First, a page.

Portrait of the artist as a young man is a mixed bag

Once again, we discuss the trouble with biopics. Most life stories don't make for a tidy tale on film. And add an even greater degree of difficulty based on how known and beloved your subject matter is.

Dome Karukoski's “Tolkien,” the early story of Lord of the Rings author J.R.R. Tolkien, faces tough odds. It doesn't help matters that Tolkien's estate has stated that they don't endorse the film “in any way.”

Fans of Tolkien also may be expecting something more fantastic and imaginative, but “Tolkien” finds some fertile ground in its limited narrative.

The film focuses on some key periods in the formative years of the author's life, from his days as a young man (played by Harry Gilby) who was orphaned after the death of his mother.

As Tolkien finds his way to boarding school, he forges a unique friendship with three classmates that would play, according to the film, a key role in his future.

Earlier moments are interspersed with scenes of a grown Tolkien (Nicholas Hoult) on the battlefields of World War I (with some foreshadowing of inspiration for his later work).

We see Tolkien as a student pushing to advance his natural talents through both his friends and instructors, and we seem him meet and fall in love with Edith Bratt (Lily Collins).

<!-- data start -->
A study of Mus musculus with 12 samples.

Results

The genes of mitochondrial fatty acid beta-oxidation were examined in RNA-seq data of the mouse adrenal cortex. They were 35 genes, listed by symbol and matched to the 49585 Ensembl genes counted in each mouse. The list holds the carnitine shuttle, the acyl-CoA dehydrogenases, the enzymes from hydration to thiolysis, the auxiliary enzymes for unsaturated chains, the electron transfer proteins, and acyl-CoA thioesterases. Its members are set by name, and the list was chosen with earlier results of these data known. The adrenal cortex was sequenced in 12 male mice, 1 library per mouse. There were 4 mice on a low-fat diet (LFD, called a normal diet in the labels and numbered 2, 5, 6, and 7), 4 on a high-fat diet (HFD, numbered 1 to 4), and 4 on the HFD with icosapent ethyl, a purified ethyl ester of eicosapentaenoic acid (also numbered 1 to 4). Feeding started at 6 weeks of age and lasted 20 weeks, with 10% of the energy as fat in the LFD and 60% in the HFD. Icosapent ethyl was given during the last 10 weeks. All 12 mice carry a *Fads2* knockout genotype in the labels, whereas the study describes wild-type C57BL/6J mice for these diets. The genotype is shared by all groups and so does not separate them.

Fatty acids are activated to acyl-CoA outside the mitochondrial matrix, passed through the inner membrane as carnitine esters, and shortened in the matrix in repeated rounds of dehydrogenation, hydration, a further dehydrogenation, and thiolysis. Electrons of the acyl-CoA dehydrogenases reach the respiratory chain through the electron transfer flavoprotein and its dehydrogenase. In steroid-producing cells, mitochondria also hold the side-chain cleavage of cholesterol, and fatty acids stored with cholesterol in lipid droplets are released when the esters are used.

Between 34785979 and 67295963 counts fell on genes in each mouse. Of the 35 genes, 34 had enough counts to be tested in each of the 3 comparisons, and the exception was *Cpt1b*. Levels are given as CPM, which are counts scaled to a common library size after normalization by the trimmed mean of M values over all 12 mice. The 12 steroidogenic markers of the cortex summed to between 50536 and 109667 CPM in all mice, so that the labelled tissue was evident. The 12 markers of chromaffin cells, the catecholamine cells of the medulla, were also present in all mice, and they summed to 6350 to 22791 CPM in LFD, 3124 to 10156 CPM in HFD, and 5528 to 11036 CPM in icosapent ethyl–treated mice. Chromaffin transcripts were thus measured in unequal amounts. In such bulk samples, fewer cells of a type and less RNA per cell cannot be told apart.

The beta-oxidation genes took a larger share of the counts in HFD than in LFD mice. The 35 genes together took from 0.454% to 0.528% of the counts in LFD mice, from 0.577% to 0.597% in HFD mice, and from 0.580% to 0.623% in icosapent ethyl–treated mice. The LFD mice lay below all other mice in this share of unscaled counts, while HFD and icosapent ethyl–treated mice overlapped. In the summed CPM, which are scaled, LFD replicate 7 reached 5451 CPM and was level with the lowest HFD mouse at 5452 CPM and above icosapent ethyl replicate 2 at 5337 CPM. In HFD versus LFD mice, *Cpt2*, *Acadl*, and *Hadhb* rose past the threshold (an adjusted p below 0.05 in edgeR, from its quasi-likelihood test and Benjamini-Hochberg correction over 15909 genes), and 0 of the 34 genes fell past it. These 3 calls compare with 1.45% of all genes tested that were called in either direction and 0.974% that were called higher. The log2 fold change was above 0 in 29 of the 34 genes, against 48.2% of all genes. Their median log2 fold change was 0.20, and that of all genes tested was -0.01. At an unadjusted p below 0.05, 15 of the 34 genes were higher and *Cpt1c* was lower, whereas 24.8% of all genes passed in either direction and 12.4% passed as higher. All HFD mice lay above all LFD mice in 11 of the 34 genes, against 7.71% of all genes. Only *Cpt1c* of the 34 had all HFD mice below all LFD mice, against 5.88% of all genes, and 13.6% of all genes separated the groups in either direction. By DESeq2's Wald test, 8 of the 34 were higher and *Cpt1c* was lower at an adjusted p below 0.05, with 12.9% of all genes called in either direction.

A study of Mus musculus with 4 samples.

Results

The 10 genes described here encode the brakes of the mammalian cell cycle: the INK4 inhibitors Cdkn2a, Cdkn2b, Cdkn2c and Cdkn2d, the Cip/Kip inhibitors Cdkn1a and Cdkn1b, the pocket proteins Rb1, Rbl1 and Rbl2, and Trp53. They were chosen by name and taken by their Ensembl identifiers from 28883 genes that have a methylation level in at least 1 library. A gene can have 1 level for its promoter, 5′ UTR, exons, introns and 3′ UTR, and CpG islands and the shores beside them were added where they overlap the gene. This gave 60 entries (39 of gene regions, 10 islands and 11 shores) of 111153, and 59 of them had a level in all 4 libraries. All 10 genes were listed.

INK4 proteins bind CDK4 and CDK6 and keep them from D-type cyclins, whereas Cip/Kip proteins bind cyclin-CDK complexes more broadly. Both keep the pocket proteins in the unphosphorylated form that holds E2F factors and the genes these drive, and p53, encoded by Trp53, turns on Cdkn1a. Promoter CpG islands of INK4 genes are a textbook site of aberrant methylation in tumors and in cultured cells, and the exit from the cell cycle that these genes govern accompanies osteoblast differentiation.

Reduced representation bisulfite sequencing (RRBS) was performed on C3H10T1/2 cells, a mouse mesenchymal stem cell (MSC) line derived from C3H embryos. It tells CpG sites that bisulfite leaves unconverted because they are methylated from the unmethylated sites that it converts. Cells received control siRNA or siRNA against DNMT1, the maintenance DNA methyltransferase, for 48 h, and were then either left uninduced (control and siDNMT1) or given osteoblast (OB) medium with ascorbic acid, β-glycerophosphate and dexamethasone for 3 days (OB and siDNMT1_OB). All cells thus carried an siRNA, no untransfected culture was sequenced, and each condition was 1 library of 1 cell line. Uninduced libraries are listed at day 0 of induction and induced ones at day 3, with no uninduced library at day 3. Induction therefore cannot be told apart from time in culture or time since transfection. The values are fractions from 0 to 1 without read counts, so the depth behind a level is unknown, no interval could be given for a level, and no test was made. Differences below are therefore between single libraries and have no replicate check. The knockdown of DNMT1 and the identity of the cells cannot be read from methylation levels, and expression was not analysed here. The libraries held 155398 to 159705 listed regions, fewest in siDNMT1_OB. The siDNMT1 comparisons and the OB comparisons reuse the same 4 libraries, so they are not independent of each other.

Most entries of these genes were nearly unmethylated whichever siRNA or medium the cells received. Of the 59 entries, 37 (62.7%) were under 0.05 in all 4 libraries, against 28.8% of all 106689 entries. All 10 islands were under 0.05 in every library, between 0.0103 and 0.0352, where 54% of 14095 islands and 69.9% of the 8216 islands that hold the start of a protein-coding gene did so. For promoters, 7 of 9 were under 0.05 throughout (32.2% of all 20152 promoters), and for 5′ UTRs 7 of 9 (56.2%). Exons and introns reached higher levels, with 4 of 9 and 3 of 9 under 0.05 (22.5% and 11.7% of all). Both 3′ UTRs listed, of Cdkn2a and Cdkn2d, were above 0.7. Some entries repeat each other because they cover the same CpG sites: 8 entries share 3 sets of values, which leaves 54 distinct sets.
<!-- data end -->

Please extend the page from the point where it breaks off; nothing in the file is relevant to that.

Karukoski is obviously trying to tell a lot here — even though it's all only the precursor to Tolkien beginning to work on “The Hobbit.”

As you might expect, not all elements here are equally successful.

I have a general rule that the best movie love stories have to be central if they're going to work. While Collins is a fine actress who makes the most of her moments, this aspect generally falls flat.

It's actually the formation of Tolkien's key band of friends that comes through the best. Some of the most effective moments of “Tolkien” evoke a “Dead Poets Society” vibe of what it's like to be both young and in a high-pressure academic situation.

Hoult is a fine choice for the lead, but Tolkien fans may be underwhelmed at the scope of insight here.

It's that usual balancing act of what makes a watchable film vs. a biography (which the Tolkien estate recommends you read instead). There's only so much you can get into.

Still, “Tolkien” is solid if unspectacular. Temper expectations accordingly, but it's a bookish option if superheroes aren't your thing.